We hope that, by the time they are 15, most young people in care will be fully participating in case planning and review meetings.
To ensure young people can fully participate in the added dimension of transition to adulthood planning, we need to start talking about it gradually in case work as they approach their 15th birthday.
As children and young people get older, it is important to revisit their role and capacity in case planning. This may be a gradual process of providing their views in writing, pictures or through others, through to attending family group meetings for all or part of the meetings.
CSOs need to consider the following to ensure a complete plan:
- identity and culture
- relationships and support networks
- health and wellbeing (including physical, emotional, mental, sexual and dental health)
- housing/a place to live
- education and employment
- life skills
- financial security.
The practical process of planning can be flexible and informal, as the young person is not required to plan in a procedural way or adhere to timeframes. The young person may make limited reference to the plan as a document, but will remember and refer to the process and relationships. Creating a clear and comprehensive document is important, however of equal importance is ensuring that the young person has participated and felt empowered by the planning process.
We can raise different aspects of the plan in conversations with the young person. We can also use engagement and planning tools such as The Future House, Circles of Safety and Support Tool and The Three Houses Tool.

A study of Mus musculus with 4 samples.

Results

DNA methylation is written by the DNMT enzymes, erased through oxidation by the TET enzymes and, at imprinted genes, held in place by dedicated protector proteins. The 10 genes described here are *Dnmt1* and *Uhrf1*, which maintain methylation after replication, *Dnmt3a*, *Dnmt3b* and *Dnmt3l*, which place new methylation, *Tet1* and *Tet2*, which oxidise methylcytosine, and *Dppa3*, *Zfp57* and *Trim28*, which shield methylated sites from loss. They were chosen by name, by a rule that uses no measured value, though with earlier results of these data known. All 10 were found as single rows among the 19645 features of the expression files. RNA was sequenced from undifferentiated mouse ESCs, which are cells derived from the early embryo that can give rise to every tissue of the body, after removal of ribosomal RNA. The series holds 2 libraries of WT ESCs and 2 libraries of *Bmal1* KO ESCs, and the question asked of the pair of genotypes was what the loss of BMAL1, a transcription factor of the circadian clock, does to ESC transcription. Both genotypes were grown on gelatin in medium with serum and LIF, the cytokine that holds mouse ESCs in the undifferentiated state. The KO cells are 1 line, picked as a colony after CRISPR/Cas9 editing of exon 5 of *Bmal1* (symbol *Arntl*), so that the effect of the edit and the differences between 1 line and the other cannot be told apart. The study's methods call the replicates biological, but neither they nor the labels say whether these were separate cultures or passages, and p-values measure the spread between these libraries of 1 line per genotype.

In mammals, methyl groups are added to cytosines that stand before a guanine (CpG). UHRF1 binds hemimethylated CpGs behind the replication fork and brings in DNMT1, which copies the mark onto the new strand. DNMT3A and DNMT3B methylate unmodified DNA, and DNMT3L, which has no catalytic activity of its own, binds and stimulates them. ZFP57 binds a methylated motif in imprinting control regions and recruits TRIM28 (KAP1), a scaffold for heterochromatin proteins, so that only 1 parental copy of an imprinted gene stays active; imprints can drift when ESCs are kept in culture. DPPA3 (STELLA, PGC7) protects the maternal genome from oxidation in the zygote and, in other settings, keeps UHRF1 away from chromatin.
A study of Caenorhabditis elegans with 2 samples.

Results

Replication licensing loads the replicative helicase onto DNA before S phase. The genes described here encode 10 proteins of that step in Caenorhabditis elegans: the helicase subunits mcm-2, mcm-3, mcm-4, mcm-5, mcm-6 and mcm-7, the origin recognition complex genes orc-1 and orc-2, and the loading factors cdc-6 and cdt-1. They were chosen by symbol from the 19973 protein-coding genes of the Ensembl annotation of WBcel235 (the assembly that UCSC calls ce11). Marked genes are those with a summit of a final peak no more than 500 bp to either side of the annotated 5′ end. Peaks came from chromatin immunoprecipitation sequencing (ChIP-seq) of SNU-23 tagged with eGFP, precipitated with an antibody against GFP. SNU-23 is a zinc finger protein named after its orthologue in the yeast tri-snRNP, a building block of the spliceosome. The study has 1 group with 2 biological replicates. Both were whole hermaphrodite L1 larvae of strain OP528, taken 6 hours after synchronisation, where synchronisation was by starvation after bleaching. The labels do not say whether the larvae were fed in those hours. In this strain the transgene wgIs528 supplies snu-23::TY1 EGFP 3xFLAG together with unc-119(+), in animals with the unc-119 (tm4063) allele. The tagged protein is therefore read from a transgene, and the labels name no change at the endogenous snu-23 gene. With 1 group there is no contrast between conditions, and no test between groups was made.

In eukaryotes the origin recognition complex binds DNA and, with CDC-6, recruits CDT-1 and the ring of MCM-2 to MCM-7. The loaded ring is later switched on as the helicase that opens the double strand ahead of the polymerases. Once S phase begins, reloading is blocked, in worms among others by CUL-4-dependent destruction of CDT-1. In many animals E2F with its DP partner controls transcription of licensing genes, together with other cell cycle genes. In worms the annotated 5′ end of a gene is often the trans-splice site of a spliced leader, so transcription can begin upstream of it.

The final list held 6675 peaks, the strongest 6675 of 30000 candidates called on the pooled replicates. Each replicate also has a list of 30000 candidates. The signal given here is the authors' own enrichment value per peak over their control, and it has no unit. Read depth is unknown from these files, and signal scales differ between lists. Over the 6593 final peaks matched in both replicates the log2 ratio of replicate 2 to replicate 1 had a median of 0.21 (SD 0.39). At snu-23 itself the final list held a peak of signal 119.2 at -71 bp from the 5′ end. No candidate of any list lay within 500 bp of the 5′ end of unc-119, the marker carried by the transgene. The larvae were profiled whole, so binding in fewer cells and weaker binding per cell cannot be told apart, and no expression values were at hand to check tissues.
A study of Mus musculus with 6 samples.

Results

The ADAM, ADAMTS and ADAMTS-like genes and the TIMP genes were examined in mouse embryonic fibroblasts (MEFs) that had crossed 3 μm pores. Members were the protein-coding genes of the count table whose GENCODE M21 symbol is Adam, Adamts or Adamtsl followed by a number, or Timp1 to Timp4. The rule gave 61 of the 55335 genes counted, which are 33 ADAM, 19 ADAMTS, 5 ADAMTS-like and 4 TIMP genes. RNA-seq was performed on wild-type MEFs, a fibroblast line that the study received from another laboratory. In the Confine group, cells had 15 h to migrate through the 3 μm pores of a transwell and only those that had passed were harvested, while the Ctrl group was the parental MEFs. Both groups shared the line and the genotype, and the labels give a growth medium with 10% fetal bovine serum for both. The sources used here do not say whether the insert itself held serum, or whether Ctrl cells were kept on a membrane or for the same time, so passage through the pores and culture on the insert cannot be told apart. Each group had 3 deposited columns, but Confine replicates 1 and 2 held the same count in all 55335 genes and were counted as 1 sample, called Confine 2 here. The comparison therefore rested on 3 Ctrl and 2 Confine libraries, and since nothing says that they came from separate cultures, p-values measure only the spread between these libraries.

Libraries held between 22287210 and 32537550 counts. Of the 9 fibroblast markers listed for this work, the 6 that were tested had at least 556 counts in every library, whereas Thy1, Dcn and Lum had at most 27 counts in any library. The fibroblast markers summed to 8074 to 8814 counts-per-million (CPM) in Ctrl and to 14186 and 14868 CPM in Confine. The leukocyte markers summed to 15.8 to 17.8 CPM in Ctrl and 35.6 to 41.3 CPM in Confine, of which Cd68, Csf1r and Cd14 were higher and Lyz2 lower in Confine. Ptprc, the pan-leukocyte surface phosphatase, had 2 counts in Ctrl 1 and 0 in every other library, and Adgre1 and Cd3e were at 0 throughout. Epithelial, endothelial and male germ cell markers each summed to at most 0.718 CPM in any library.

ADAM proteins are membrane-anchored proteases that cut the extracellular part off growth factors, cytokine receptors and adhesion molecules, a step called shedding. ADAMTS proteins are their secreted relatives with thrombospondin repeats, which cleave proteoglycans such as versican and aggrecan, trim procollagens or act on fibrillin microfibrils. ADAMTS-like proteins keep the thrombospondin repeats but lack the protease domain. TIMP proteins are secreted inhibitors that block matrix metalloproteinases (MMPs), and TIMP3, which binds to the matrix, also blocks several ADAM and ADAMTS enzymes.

The planning process is a partnership that can lead to the formal recording of a transition to adulthood plan as part of the case plan. It should also lead to ongoing open communication between the CSO and young person about putting the plan into action.
Every young person must know that they have a transition to adulthood plan and what is in the plan.
Be aware that most transition to adulthood planning can be completed through routine conversations with young people. They will tell you what they want; you just have to listen and believe in them.
Actively pursue the feelings and opinions of the young person when it comes to transition to adulthood planning.
One of the aims of effective transition to adulthood planning is to ensure a sense of predictability and stability for the young person as part of their care experience and beyond. Each young person will have individual needs in relation to what stability feels like for them, and this should be explored through the planning process.